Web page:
EU is investigating claims Russia’s Sputnik V trials contravened ethical and scientific standards and test subjects were ‘forced to take part’
- European Medicines Agency will probe whether ‘volunteers’ were pressured to take part in Sputnik V vaccine trials in Russia
- Comes after texts were uncovered showing boss of government office berating his staff for failing to sign up for the trials
- EMA is currently reviewing Sputnik V for use in Europe to speed up jab roll-out
- If it is found to have breached ethical standards, it will not be approved for use
The European Medicines Agency, which is conducting a review into whether Sputnik V can be used in Europe, will begin its probe into the ethical concerns next week.
If Russia is found to have breached ‘good clinical practice’ guidelines during the trial, then the jab will not be approved for use.
Europe’s drug regulator is set to probe claims that state employees an military servicemen were pressured to take part in trials of its Sputnik V vaccine (file image)
It comes after concerns that state employees and military servicemen were used for trials of a vaccine made by a state-backed laboratory that was funded using state cash, creating a conflict of interest.
In December last year, the Reuters news agency also published texts that it said were sent from the manager of a state office in Moscow pressuring his staff to sign up for the trials.
‘Colleagues!!!… What is this sabotage???,’ Sergei Martyanov is alleged to have told staff when they refused to sign up for the trials – including some who signed up for flu shots which disqualified them from the study.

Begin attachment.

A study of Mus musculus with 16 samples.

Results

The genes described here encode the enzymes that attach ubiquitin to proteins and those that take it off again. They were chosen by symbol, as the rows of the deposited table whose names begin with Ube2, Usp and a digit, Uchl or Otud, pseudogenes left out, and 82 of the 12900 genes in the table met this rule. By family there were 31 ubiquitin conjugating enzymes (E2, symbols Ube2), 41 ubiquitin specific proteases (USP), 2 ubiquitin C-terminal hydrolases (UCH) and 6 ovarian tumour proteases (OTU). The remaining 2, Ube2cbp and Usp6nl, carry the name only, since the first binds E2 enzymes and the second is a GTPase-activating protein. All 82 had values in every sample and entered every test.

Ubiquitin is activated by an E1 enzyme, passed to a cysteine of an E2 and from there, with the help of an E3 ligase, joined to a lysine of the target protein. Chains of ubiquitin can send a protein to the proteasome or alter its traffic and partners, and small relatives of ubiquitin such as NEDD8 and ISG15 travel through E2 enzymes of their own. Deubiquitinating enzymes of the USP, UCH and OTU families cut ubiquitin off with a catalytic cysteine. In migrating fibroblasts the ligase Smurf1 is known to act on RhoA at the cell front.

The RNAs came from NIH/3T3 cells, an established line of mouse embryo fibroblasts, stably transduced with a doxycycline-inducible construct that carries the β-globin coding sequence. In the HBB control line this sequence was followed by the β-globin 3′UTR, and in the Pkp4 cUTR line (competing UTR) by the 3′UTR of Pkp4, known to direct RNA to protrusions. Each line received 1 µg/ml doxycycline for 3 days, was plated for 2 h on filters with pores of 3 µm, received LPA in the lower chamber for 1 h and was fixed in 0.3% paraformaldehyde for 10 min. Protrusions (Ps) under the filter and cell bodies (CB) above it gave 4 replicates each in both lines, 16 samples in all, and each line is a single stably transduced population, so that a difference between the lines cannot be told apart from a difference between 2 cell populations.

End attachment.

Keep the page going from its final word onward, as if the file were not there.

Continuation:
‘Who are you trying to trick??? The coronavirus vaccine is the absolute priority!!!’ he allegedly wrote, before demanding that staff recruit their friends and family as well.
‘At least two people per employee!’ another text read.
Moscow at the time denied that anybody had been forced to take part in the trial, saying participation was voluntary and happened only after a medical exam.
News that the EMA will be investigating the ethics surrounding Sputnik V trials was first reported by the Financial Times.
Those involved in the probe, which has not been formally announced, said they had concerns that it was not ethically run.
The European Medicines Agency is currently reviewing Sputnik V for use in Europe, but if it is found to have breached ethical standards it will not be approved
Kirill Dmitriev, head of Russia’s state-backed investment fund which helped develop the jab, denied the use of coercion.
He said: ‘There was no pressure [on participants] and Sputnik V complied with all clinical practices’. He added the EMA inspection was scheduled to begin next week.
The Sputnik V jab has been touted as a way for Europe to give a much-needed boost to its stuttering vaccine roll-out, which is among the slowest in the world.
But Thierry Breton, who is spearheading the bloc’s roll-out, declared last month that Europe has ‘absolutely no need of Sputnik V’.
Instead, the bloc is hoping to increase the speed of its roll-out from this month by relying on increased deliveries of already-approved jabs such as Pfizer, AstraZeneca and Moderna.
Some EU members states such as Hungary and Slovakia have bypassed the EU and bought up supplies of Sputnik to use in their roll-outs and approved them under emergency medical powers within their own countries.
Hungary, which has also bought jabs from China, has one of Europe’s fastest vaccine roll-outs.